The Last Gearing
By Chic Sale
After reading in the July Issue of the Tin Can Sailor
about the Mighty Gearings and the featuring of the first of the class,
USS GEARING (DD-710), it seems appropriate to follow with a description
of the last ship of the class, USS TIMMERMAN (EDD-828) and later
The TIMMERMAN almost did not make it into this world.
Her keel was laid on 01 October 1945, and at that time, she was intended
to be just another standard destroyer of the class. On 07 January 1946,
the Bureau of Ships ordered work suspended and what there was of her was
transferred to the reserve fleet. This was remarkable due to the fact
that many ships were cancelled and subsequently scrapped on the building
Advanced machinery design had been on the minds of
planners for years. During World War II, work had been done in this area
and plans had been made to produce an advanced propulsion system and
install it in a Fletcher Class hull. However, at the conclusion of the
War, there were no Fletcher hulls available. The Fletcher hull was 376'
6" in length and 39'8" at the beam. The Sumner hull was the
same length and 10" broader at the beam. The Gearing hull was the
same as the Sumner except for the 14' length added amidships for fuel.
This simply meant that a Fletcher hull and a Gearing hull were almost
identical, most importantly in the machinery spaces.
On 24 May 1946, the U.S. Navy contracted to complete
the TIMMERMAN as an advanced design destroyer. There were many delays
due to design, research and development and she was not launched until
19 May 1951 - almost five years.
When commissioned on 26 September 1952, the U.S. Navy
had one of their first completely experimental ships. Her propulsion
system was rated at 100,000 Shaft Horsepower and a speed of 43 knots was
anticipated. Naval records do not show that she ever exceeded 35 knots,
but strong evidence indicates that the 43 knots was achieved and perhaps
even exceeded during sea trials prior to commissioning.
Outwardly, there were several similarities between the
TIMMERMAN and her sister Gearings. She had the standard 5" 38 cal.
main battery, air and surface search radars and fire control radar.
After that, it was difficult to find many more similarities.
The bow was raised a full two feet at the stem and
faired into the sheer at frame 43. Mount 51 was moved aft seven feet.
These two measures were intended to improve sea-keeping qualities,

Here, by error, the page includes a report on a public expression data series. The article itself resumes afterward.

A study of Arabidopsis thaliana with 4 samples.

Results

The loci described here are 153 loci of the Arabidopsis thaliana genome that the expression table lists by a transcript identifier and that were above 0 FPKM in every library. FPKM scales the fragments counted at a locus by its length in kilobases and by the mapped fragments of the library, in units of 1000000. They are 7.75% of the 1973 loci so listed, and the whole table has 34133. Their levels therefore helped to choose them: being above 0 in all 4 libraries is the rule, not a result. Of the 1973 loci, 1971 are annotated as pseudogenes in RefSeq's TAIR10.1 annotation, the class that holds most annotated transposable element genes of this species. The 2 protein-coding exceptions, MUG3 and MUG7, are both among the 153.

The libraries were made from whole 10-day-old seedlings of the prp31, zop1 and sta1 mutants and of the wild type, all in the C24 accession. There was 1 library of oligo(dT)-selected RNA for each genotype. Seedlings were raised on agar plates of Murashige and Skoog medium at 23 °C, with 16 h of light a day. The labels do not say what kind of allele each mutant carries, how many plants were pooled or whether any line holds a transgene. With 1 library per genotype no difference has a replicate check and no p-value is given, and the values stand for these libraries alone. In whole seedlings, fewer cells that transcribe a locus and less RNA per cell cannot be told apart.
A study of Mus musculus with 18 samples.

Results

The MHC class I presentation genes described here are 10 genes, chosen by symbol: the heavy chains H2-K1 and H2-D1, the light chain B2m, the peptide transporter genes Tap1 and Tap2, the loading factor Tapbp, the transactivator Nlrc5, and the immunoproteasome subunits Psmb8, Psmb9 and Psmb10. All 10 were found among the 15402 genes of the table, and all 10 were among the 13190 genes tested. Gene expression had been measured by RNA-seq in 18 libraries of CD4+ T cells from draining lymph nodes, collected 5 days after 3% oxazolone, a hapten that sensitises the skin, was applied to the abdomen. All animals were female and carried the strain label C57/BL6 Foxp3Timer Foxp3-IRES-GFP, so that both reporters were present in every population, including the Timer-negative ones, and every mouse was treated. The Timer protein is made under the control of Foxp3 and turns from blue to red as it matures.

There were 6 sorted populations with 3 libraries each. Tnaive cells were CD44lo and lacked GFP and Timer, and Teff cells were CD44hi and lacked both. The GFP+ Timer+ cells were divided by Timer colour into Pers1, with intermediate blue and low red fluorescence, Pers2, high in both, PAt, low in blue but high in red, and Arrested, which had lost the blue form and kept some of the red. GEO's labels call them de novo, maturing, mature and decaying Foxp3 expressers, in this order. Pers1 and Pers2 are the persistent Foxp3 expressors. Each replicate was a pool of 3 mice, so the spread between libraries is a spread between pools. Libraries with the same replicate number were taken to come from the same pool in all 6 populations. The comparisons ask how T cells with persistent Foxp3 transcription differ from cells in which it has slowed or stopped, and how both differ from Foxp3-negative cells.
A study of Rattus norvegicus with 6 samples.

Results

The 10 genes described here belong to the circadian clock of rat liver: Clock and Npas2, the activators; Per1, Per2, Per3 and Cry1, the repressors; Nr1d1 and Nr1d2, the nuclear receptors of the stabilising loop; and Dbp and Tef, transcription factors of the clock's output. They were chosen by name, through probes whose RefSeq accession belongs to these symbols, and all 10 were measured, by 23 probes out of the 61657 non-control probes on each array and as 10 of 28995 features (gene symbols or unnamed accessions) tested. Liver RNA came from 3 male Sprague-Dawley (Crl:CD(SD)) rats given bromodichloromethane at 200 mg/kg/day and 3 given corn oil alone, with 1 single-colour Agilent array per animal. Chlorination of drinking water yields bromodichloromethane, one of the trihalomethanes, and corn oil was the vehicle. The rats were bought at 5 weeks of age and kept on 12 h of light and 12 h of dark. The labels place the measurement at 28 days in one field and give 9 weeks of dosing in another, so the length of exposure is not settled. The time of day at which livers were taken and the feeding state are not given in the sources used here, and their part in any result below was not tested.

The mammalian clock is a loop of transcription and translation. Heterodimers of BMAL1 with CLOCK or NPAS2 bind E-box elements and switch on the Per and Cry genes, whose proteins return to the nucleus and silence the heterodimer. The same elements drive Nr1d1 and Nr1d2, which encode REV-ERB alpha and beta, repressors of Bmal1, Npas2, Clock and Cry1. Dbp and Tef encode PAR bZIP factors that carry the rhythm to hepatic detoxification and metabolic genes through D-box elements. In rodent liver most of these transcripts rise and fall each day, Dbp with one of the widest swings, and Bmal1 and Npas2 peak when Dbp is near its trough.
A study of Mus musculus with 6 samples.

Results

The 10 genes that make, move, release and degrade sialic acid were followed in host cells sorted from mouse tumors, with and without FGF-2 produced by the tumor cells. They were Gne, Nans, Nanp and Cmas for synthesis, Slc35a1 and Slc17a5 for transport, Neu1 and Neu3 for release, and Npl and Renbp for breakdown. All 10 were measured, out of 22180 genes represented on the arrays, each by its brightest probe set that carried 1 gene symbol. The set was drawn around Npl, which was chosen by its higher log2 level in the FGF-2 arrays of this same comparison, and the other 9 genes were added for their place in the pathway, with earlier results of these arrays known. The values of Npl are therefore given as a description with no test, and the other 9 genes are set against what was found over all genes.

especially in view of the higher anticipated speeds. The standard
Sumners and Gearings were notoriously "wet" forward and often
Mount 51 would be damaged in a heavy sea. Lightweight Danforth anchors
were recessed into the deck edge adding to the reduction of weight
The superstructure was aluminum and there were
"no expansion joints." One side was bolted and riveted and the
other welded to test fabrication methods and structural stability.
The main battery of 5" 38's was the only armament
on board TIMMERMAN. There were no torpedoes, Hedgehogs or depth charges.
Because she was intended to be completely experimental, these weapons
were not considered necessary and their omission added to the weight
The propulsion system was the real experiment. The
forward plant was 875 psi, 1050 degrees Fahrenheit and the after plant
was 2000 lb. psi, 1050 degrees Fahrenheit. As was expected there were
many problems related to the experimental machinery and many months were
spent dockside while repairing or replacing the newly designed equipment
that failed. The electrical system was 1000 volt, 400 cycle as compared
to the 440 volt 60 cycle system of most other Navy ships. There were
many electrical problems as well, mainly due to the higher rotative
speeds of the electric motors. In a special compartment on the 01 level,
forward of #2 stack, there was a motor generator set for the purpose of
receiving shore power. The unit consisted of a 440 volt 60 cycle motor,
which drove a 1000 volt 400 cycle generator.
The 14 foot section amidships, which was intended for
fuel on a standard Gearing, was on TIMMERMAN a laboratory of gauges,
test equipment and recording devices. The instrumentation in this space
was subjected to undesirable vibration whenever the main batteries were
On 11 January 1954, TIMMERMAN was reclassified as
(EAG-152) and later her main battery was removed and replaced by
concrete blocks to compensate for the weight loss. Also removed at a
later date were the air search and fire control radars giving her a most
The TIMMERMAN was a successful experiment in many
ways. She proved that higher steam pressures and temperatures were
possible, thus allowing for the development of the 1200 psi plant, which
was first installed in the USS FOREST SHERMAN (DD-931) class and other
later classes of ships. One of her emergency generators was driven by a
gas turbine engine, believed to be one of the first marine installations
of a gas turbine. There were other contributions to future ship design
such as the aluminum super-structure, raised bow and other experiments,
which were classified at the time.
Her short life of 46 months was a productive one. She
was decommissioned on 27 July 1956 and sold for scrap on 21 April 1959.